Altimeter Report: Customer Bill of Rights – Software-as-a Service

If you’re in the market to buy web based collaboration tools, community platforms, CRM, or any software as a service application, know your rights before you buy.

A few months ago Charlene Li, founder of the Altimeter Group launched her Engagement Database report, which showed which brands were most active with their customers in social sites. Today, we’re proud that partner Ray Wang launches the Software as a Service Bill of Rights for customers, you can view, download, or share the document from his blog.

Our research wasn’t created in a hole, we want to help the community that we serve and involved 57 ecosystem partners for their feedback, input and guidance. We’ve also made the research available using Creative Commons–meaning we encourage it to be shared with others.

How to use the Software As A Service Bill of Rights

  • If you’re a buyer of any of these markets, use this document as a checklist to ensure your rights are being met.
  • Have a dialog with your vendors, asking them where they fall within these bill of rights and where they differentiate.
  • Encourage your existing vendors to follow these rights as you negotiate your next renewal.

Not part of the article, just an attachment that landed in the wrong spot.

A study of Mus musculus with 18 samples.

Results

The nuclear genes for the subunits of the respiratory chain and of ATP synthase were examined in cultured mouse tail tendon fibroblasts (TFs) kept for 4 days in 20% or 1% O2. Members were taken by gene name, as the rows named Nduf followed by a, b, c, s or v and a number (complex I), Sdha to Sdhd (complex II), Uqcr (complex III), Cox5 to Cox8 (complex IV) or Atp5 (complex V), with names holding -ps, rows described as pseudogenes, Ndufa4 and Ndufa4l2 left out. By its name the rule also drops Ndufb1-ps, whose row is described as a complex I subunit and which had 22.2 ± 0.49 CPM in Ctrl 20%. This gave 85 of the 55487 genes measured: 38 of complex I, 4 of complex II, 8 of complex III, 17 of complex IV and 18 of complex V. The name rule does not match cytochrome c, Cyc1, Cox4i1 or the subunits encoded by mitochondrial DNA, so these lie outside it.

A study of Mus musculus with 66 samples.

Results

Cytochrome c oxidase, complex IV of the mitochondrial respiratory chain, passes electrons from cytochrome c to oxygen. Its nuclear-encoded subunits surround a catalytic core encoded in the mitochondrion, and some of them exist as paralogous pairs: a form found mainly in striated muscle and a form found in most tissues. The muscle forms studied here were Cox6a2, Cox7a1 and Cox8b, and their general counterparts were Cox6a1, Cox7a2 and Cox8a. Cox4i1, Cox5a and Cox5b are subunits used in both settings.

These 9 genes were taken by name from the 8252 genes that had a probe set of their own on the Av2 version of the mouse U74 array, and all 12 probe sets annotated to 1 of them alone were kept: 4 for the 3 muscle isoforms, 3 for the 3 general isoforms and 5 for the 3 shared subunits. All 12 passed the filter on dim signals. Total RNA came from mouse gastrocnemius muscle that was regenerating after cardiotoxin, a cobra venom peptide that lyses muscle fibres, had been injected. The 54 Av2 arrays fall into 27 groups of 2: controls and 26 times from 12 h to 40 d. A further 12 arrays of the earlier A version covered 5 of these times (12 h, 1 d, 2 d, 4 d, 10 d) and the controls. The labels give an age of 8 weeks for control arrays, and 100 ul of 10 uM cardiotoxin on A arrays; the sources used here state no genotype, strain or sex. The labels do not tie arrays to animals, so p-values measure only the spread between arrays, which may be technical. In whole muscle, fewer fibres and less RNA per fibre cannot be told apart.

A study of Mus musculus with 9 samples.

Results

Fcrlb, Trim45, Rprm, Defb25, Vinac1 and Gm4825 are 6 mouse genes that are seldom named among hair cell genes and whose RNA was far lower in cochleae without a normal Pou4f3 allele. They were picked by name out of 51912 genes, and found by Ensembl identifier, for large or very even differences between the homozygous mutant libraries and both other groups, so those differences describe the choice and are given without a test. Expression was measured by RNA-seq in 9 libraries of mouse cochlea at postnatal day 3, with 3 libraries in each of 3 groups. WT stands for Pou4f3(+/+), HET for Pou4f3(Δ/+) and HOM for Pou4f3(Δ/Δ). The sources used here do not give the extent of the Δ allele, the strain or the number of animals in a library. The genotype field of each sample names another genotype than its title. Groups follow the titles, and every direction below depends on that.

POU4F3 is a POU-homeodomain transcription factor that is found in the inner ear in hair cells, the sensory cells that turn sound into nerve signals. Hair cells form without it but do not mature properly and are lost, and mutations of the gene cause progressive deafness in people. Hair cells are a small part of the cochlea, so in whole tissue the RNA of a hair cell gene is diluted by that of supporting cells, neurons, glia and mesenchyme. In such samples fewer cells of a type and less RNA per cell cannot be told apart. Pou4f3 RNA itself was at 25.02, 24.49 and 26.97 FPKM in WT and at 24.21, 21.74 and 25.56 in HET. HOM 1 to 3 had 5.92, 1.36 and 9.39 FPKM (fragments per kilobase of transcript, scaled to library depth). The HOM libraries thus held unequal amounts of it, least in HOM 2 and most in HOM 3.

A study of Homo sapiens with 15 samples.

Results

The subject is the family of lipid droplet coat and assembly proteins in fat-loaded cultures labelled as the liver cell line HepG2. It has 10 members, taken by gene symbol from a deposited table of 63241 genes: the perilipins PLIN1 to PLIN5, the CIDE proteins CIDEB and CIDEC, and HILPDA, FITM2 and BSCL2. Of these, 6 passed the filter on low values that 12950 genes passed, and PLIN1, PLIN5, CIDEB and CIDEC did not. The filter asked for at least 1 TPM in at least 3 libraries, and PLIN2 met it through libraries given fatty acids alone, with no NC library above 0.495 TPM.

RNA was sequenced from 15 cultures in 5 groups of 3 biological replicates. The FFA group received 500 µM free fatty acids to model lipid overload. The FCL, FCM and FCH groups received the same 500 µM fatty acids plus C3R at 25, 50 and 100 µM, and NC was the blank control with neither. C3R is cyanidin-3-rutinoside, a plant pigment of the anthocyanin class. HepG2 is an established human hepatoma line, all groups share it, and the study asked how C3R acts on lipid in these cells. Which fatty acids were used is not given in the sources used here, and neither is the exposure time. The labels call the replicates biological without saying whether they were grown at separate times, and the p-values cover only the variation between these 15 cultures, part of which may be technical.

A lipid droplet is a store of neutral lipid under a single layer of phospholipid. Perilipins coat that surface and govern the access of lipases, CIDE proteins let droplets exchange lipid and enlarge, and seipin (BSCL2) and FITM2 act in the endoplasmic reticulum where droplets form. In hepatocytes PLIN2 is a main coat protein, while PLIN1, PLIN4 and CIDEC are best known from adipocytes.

• Will you list software vendors that agree to adhere to the software bill of rights? If not what incentive to developers have to sign on?

  • Web Templates. Right now, buyers should beware. They should use this Bill of Rights as part of the buying and approval process during consideration of purchases.

    Over time, someone will identify which vendors are following these best practices for customers.

  • Sigh. I wish I had this document about a year ago. We went from a legacy system to a SaaS solution. As a middling sized company, we found ourselves in the no-man’s land of being to big to be satisfied with a canned one size fits all solution and too small to really have the resources to do a truly comprehensive due diligence.

    We could have used the Bill of Rights exactly as proposed, a document “in the middle of the table” that both sides could have used to define our relationship more specifically.